By Jamie Swinnerton
By Mark Antonation
By Lori Midson
By Jonathan Shikes
By Amber Taufen
By Cafe Society
By Juliet Wittman
By Jonathan Shikes
Have you ever dined with us before?" our server asked. She was penny-bright, scrubbed and polished in her house livery (black on black), standing with her hands folded in front of her and a spark in her eyes that bordered on fanaticism — a glow of barely contained glee at the possibility that we were new to the dining room, that we'd somehow wandered in blind, aching for conversion.
Warily, Laura nodded. Flinching inwardly, I allowed that no, we hadn't yet dined at Black Cat, chef Eric Skokan's restaurant.
Her smile, when it came, was like an artillery strike seen from above in one of those Vietnam documentaries on TLC: a small and distant flare of energy followed by the graceful blossoming of heat and light and fire that seems to go on forever, growing and widening and deepening just when you think it ought to go out. She seemed so happy that we'd come, so delighted that we'd chosen to spend our night in her care. And she wasn't faking it, either. Meryl Streep couldn't act this well. As she swung into her spiel — "organic...seasonal...powerful flavors of ingredients...right from Eric's garden...from Eric's house...from Eric's kitchen..." — I felt the fervor heat of the zealot baking off her: radiation in the Boulder frequency, equal parts lust and environmental stewardship. She said she'd give us a few minutes to look over the menu, to relax into each other's company, Laura and I, sitting side by side on a black loveseat facing the open kitchen. It was a full-book Saturday night in a small house that, prior to being transformed into one of the Republic's most rustic and focused restaurants, had been a Cold Stone Creamery.
"This gourd," Laura said, in a perfect rendition of our server's breathless passion, pointing to a large green-and-yellow striped squash sitting atop the garde manger station, "comes straight from Eric's pants. He grew it there special for tonight..."
I laughed, drank my local beer, nipped at my local bread dipped in a puddle of artisan olive oil, thinking to myself that this food — whatever we chose to order — needed to be not just great, but superlative in order to warrant such zeal. After years of hearing gasping exhortations of servers about the freshness of the product, quivering approbation of the chef, his crew, the kitchen, I've come to feel that many houses use praise on the floor as a cheaper substitute for actual talent on the line: Tell them the chef is a genius with freshness and locality, and no one will complain about the dirt on the arugula.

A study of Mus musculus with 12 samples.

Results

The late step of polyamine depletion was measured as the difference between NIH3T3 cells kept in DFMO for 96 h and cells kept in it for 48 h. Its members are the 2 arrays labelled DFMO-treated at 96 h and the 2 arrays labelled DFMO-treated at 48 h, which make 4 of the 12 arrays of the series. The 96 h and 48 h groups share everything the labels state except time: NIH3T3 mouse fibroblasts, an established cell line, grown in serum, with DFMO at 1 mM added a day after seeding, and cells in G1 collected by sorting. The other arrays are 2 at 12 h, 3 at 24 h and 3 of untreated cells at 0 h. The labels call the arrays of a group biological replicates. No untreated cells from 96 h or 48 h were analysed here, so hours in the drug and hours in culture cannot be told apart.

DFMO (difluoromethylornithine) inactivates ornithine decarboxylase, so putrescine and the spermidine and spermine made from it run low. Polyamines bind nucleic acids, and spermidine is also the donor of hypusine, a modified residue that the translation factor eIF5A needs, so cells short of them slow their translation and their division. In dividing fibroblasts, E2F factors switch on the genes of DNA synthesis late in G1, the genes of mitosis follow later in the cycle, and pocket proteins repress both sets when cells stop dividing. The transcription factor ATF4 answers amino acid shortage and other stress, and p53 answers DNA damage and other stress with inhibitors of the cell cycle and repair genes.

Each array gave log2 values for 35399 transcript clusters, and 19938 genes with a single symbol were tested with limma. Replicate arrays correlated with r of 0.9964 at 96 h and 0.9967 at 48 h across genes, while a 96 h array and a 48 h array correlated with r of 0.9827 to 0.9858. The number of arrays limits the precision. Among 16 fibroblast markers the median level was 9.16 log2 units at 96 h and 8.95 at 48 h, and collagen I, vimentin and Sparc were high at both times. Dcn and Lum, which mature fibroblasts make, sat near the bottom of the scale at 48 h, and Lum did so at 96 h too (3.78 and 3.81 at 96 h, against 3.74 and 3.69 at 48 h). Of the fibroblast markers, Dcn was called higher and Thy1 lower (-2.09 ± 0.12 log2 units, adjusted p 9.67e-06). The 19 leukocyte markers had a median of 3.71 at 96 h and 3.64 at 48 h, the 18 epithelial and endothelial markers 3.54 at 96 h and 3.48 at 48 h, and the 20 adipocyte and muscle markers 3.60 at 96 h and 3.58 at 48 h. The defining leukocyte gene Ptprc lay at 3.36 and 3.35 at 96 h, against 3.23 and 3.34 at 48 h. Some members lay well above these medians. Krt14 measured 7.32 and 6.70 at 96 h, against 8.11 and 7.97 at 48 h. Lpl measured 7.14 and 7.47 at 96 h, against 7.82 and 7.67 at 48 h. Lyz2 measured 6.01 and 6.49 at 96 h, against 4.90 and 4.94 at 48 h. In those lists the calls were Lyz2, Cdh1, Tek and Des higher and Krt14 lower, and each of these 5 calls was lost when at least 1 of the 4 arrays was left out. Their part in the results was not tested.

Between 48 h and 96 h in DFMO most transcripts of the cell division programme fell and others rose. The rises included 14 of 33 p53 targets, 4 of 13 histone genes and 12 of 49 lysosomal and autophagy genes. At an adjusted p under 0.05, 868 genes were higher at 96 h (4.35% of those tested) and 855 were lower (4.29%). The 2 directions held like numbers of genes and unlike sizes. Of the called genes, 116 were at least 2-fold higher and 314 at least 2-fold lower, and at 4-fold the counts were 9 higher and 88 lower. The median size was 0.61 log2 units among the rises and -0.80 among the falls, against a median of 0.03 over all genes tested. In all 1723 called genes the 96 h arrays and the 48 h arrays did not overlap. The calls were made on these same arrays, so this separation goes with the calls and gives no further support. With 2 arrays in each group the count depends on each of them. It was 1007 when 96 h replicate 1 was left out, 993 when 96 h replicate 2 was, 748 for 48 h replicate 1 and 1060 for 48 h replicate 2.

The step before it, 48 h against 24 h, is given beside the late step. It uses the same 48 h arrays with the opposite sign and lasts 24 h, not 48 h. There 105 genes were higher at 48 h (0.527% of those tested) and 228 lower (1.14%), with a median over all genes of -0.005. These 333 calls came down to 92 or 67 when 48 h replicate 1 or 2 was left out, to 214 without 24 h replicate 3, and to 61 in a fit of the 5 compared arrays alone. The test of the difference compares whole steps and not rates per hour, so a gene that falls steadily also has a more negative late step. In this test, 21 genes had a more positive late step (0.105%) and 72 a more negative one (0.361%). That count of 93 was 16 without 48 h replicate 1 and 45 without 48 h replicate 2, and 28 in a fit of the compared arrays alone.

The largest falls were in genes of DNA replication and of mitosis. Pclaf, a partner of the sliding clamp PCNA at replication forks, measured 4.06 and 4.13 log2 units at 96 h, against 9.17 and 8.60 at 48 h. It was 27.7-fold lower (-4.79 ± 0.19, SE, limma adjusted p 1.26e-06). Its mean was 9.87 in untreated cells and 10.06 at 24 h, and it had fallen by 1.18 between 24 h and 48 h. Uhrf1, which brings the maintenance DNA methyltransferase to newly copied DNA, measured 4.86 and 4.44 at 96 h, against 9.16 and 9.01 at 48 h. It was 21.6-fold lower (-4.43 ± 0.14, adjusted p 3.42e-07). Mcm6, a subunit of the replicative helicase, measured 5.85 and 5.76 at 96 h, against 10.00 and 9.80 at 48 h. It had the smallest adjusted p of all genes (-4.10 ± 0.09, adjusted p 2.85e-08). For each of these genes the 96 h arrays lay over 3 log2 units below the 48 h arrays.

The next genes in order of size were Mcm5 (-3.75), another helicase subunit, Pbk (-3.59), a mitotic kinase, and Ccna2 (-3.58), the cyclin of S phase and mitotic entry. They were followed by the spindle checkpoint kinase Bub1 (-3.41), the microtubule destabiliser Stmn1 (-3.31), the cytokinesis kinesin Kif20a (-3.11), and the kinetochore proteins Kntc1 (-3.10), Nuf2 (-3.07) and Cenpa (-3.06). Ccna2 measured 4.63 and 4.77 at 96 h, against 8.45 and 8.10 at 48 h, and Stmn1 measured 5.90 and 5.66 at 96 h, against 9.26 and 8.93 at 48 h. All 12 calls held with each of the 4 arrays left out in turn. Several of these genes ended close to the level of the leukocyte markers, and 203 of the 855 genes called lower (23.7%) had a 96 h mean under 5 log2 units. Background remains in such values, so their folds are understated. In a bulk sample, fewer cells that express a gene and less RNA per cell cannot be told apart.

Black Cat's menu looked good. Not exactly poetry, but an interesting exemplar of that trend toward borderless nouvelle — an Escherian strangeness whereby the constraints of keeping cuisine local forces a chef to be worldly in his influences, if only so he can find new and interesting ways to keep serving eggplant every night. The board changes daily, occasionally (as we would soon discover) in the middle of a service — making presumably best use of what was taken from the farm, garden, coop or field that day. There was a blanquette de veau, housemade mozzarella, preparations of blue crab (likely not gotten from Eric's house, unless he's keeping them in his bathtub) and rocket salads. I saw Italian influences, French (of course) and motes of Asiana, touches of American/Californian inspiration and a heavy hand of greenmarket garden porn: lovingly described grilled fennel, baby carrots, roasted shallots, eggs from Eric's coop, greens from Eric's garden.
Our server returned from spreading her love around her section and we ordered: pecorino pepato, a pissaladiere (basically a cheeseless French fish pizza) and gnocchi Bolognese to start; the slow-roasted Berkshire pork with chèvre polenta and pistachios for Laura's entree and, for me, the most ridiculous and pretentious-sounding thing I'd seen on a menu in a long time: the chef's "Juxtaposition of Duck." The server nodded, told us how wonderful our choices were, suggested wine pairings (including an excellent Côtes du Rhône that had apparently inspired Eric in the creation of the pork), then left.
Excepting the delivery of a one-bite amuse of fresh tomato tart with goat cheese and occasional suggestions that we drink more, this was the last service we would see for almost an hour.
Laura and I joked. We ate our bread, finished our first-course beers, sipped our water and watched the dining room swirl with trade. We joked more.
A half-hour passed. We ran out of things to say to each other, so we watched the kitchen instead. The line at Black Cat is gorgeous — a kind of dream galley that belongs in a totally inaccurate movie about cooks, not in an actual working restaurant. It is narrow, open to the public and lined with wood shelves holding cookbooks, bottled herbs, an unused tagine and other tools. Skokan, who came to Boulder to open Black Cat after a long stretch at Alice's Restaurant at Gold Lake Resort and gigs in San Francisco, Washington, D.C., and Charlottesville before that, worked the center position, sous to his right manning the burners amid a clutter of small copper saucepots that most working chefs can only dream of, garde manger man to his left composing salads and dessert plates and sides.